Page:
Last year, New Jersey Governor Chris Christie did a prolonged tease having journalists and pundits wondering if he would change his mind and make a run at the White House. He ultimately decided he would not, but now there is ever-increasing speculation that Christie would run as Mitt Romney’s Vice Presidential candidate should Romney sew up the nomination and ask Christie to be his running mate. Christie has left the door slightly ajar.

Yesterday, Christie was a guest with Jim Gearhart on Townsquare Media’s NJ 101.5 FM. Gearhart suggested that being the V.P. would be a pretty sweet gig. Christie said, “They’d have to do two things; they’d have to get a muzzle and a food taster…….He (Romney) hasn’t asked me and I don’t expect that he’s going to……I’m doing the best I can every day to be a great Governor and that’s the job I got elected to and that’s the job I care about and this isn’t a dodge. I’ve been very clear about the fact that I’m not going to rule anything out because I don’t think it’s appropriate for me to do that when I haven’t been asked to do something.”

One political expert says there are very good reasons why now may be the absolute best time for Christie to run for Vice President, but there are equally valid reasons why it’s not a good time at all.

“You never know when you might get asked again and this is your chance to be on the national stage,” says Monmouth University poll director Patrick Murray. “It gives the Governor a big national stage on which to go about and say what he wants to say, of course within the confines of being with the Romney campaign.”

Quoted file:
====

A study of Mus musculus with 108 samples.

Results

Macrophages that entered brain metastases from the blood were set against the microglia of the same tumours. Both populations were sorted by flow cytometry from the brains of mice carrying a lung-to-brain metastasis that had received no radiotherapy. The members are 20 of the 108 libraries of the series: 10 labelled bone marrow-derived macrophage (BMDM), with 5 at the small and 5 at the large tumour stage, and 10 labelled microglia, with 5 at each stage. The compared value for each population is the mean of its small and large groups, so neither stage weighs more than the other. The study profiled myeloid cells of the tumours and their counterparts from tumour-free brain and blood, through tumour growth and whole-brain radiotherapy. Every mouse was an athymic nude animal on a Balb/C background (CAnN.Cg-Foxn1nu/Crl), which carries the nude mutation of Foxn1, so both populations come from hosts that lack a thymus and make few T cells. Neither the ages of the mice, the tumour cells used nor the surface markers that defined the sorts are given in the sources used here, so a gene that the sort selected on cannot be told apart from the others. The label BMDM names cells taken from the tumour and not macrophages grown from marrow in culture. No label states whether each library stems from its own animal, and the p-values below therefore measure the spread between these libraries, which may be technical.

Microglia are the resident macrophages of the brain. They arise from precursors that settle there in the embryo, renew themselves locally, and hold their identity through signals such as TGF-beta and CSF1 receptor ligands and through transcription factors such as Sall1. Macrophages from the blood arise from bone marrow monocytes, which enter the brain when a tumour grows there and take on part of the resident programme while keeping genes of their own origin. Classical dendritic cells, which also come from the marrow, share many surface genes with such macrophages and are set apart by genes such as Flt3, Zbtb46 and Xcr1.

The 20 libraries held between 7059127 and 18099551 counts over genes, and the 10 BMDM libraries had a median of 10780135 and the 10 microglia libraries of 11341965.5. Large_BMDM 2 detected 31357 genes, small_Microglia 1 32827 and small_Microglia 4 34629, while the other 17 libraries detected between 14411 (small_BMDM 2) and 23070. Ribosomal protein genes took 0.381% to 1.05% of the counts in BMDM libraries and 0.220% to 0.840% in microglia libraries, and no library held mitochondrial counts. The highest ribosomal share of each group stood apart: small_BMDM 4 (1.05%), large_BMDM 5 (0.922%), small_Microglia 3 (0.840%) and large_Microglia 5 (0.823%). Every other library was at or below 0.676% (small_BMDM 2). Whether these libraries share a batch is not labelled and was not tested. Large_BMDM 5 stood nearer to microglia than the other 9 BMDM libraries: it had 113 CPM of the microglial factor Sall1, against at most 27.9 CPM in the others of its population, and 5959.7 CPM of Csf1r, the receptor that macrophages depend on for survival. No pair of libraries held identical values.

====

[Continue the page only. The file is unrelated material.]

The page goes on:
Murray says if Romney doesn’t win then Christie could spend just a few months out on the national campaign trail bolstering his image and then come back and run New Jersey while positioning himself better for a run for President four years from now. Christie is however facing a more unified Democratic Party in the state legislature and that may be another reason to make the run with Romney.

The cons to a ‘Christie for Veep’ campaign also exist. Murray explains, “Now or ever may not be the time simply because Chris Christie by his personality is not a number-two. The real question for Chris Christie is; what happens if Mitt Romney wins and he spends eight years as Vice President? He will then be taking his talking points from the President. He’ll have wait out eight years before he can run (and) there isn’t a good history of Vice Presidents running as sitting Vice Presidents and winning the presidency.”